H.A. Lorentz: Electromagnetic phenomena in a system moving with any velocity smaller than that of light  (1905) 
by Richard Gans, translated from German by Wikisource
In German: H. A. Lorentz. Elektromagnetische Vorgänge, Beiblätter zu den Annalen der Physik, 29 (4): 168-170

Review of Lorentz, 1904, Electromagnetic phenomena in a system moving with any velocity smaller than that of light

Published February, 1905.

H.A. Lorentz: Electromagnetic phenomena in a system moving with any velocity smaller than that of light. (Versl. K. Ak. van Wet. 12, p. 986-1009. 1904)

The following is not explained by the original electron theory of Lorentz: 1. That Earth's motion has no influence on the interference of light (Michelson and Morley). 2. That no angular momentum acts upon a charged plate condenser (Trouton and Noble).

The first fact was explained by the new hypothesis of FitzGerald and Lorentz, namely, that the dimensions of solid bodies are getting slightly smaller in the direction of Earth's motion.

3. This hypothesis requires double refraction of light in isotropic bodies due to Earth's motion; the experiments gave a negative result (Lord Rayleigh, Brace).

To remove these contradictions, the author makes the following considerations:

If the electromagnetic system experiences a constant velocity in the direction of the -axis, and if is the speed of light, furthermore if we set

and are mapping this space by the transformation , and are introducing instead of time , the "local time"


then we obtain, when we introduce slightly different vectors and instead of the electric and magnetic field strength and , equations in the moving system (transformed by mapping) which are as exactly formed as the Lorentzian equations in the originally resting system. From that if follows, that the field (, ) is strictly equal to the field in the resting system at corresponding points, i.e., no influence of motion of any order can be found in the electrostatic or optic field. The ponderomotive forces in unit volume, however, suffer a small change corresponding to the volume change, it is

where the primed letters apply to the moving system.

This transformation leads to the hypothesis, that the dimensions of electrons are changed by the previously given transformation in the same way as the space, however, the charge of corresponding volume elements stays the same.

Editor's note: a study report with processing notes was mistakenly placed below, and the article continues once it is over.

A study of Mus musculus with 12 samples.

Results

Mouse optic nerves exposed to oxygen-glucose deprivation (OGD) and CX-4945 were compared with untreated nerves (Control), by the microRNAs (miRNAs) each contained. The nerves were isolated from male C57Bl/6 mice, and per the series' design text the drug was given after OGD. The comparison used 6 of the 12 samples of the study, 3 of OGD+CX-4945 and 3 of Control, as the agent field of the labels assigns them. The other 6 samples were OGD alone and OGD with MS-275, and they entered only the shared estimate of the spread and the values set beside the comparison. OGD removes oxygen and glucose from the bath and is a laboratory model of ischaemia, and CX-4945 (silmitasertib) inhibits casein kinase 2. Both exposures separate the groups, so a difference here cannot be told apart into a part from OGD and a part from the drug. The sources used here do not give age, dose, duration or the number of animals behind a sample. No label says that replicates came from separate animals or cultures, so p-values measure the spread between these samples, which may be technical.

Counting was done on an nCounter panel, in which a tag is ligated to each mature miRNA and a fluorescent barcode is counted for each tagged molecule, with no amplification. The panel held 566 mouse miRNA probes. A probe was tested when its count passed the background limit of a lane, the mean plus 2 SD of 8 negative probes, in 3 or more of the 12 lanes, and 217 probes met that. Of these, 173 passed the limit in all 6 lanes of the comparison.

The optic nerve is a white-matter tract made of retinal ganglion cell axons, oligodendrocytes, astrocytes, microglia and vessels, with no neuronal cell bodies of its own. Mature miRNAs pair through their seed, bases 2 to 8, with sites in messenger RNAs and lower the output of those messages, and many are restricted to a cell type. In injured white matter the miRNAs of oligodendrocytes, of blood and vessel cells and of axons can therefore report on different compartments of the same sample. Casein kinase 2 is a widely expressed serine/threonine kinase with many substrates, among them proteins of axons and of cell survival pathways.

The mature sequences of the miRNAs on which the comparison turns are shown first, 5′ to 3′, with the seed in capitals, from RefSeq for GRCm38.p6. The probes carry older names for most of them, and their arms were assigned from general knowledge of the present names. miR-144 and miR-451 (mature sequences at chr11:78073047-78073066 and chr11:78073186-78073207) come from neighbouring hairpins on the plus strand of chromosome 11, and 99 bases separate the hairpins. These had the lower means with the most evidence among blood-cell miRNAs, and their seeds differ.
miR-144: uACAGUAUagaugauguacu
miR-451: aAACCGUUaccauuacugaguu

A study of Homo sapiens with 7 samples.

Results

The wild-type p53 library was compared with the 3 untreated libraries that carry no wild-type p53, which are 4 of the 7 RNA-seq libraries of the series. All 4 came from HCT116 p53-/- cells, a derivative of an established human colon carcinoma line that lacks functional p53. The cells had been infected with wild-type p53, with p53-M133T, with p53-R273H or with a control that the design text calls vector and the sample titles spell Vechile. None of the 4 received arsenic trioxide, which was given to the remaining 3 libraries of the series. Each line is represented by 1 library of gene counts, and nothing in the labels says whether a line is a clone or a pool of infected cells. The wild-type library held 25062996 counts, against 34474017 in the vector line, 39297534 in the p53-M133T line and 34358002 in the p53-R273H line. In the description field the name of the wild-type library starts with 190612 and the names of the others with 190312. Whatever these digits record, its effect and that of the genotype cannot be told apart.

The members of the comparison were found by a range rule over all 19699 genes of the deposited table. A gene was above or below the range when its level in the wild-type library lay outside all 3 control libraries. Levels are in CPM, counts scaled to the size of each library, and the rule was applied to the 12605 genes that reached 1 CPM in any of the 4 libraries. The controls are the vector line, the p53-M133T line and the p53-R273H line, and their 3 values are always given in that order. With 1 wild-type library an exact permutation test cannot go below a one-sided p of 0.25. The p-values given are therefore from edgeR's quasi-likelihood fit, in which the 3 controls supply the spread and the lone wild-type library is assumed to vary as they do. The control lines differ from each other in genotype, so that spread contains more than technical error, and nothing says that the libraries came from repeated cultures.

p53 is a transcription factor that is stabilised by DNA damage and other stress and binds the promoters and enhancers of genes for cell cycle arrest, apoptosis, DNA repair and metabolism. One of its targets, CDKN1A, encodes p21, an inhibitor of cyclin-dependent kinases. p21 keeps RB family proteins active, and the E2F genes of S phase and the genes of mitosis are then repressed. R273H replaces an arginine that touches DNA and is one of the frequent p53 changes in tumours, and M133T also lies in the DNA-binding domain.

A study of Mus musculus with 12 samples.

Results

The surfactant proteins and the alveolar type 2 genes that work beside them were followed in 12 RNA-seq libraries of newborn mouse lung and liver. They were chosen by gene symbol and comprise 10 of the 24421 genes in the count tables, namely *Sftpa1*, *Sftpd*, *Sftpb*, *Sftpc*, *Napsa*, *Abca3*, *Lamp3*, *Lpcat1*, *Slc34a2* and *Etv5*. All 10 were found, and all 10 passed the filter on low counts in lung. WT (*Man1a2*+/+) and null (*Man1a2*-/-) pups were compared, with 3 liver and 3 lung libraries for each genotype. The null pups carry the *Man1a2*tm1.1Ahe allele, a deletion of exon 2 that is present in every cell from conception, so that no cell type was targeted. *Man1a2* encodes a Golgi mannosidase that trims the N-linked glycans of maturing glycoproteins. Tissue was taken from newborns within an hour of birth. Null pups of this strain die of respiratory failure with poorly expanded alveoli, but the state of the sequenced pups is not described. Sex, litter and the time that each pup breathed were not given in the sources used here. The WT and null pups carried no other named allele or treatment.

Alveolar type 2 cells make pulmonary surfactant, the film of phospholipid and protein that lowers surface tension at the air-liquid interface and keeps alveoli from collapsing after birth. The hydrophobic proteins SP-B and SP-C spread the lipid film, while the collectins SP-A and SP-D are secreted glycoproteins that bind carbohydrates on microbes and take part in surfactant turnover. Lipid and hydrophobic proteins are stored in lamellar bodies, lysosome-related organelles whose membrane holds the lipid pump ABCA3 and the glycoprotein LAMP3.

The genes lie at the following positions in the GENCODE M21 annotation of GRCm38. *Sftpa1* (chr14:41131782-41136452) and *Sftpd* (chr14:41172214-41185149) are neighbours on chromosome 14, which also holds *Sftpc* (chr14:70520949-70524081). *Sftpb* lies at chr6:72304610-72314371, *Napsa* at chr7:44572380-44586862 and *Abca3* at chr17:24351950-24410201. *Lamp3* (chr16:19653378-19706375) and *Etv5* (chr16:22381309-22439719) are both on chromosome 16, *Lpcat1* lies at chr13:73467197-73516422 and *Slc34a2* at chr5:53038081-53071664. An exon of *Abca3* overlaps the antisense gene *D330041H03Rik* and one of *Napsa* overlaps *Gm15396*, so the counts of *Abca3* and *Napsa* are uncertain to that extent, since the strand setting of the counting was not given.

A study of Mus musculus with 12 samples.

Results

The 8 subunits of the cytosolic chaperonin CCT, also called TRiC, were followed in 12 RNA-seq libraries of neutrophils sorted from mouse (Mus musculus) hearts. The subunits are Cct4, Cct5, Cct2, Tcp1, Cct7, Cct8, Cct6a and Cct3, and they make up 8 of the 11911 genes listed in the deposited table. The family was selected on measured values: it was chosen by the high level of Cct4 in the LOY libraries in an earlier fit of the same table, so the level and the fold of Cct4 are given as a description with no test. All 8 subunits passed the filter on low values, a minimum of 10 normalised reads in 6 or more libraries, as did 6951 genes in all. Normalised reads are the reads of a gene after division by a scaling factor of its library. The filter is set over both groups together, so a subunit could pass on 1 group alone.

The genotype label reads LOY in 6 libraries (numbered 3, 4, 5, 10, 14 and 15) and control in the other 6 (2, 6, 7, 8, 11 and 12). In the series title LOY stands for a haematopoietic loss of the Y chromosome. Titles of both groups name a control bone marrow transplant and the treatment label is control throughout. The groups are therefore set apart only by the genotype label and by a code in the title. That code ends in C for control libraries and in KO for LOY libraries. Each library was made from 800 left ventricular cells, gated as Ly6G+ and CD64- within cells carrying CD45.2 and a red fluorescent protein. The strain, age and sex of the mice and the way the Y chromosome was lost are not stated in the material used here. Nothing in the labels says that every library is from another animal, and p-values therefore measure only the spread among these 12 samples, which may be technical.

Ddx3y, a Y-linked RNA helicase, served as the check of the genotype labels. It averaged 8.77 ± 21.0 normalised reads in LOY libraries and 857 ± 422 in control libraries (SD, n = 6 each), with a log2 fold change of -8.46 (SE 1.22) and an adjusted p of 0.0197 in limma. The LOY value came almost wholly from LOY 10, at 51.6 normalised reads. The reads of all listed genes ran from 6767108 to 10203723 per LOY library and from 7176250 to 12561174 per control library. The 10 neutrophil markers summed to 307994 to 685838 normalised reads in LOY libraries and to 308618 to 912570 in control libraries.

Furthermore, also non-electric (for example elastic) forces shall experience the same change by the translation, as previously the ponderomotive forces of electric origin.

From that if follows, that a body in equilibrium by the attractions and repulsions of its inner forces, by itself changes its dimensions by the motion, because if the resulting force in the resting system is 0 (thus in equilibrium), then it is 0 in the moving transformed system (thus in equilibrium).

So, the interference experiment of Michelson and Morley is explained, furthermore that of Trouton and Noble on the angular momentum of a charged plate condenser, and also the unsuccessful double refraction experiments by Lord Rayleigh and Brace, because the theorem (already given earlier by the author up to magnitudes of second order) that brightness, darkness, and rays in the resting system, correspond to brightness, darkness, and rays in the moving transformed system, strictly applies to terms of all orders by the current transformation.

The formulas for the electromagnetic mass are changing in consequence of the oblateness of the electrons, however, they represent Kaufmann's experiment on Bequerel rays with satisfying precision as shown by detailed number calculations.



The author died in 1954, so this work is also in the public domain in countries and areas where the copyright term is the author's life plus 60 years or less. This work may also be in the public domain in countries and areas with longer native copyright terms that apply the rule of the shorter term to foreign works.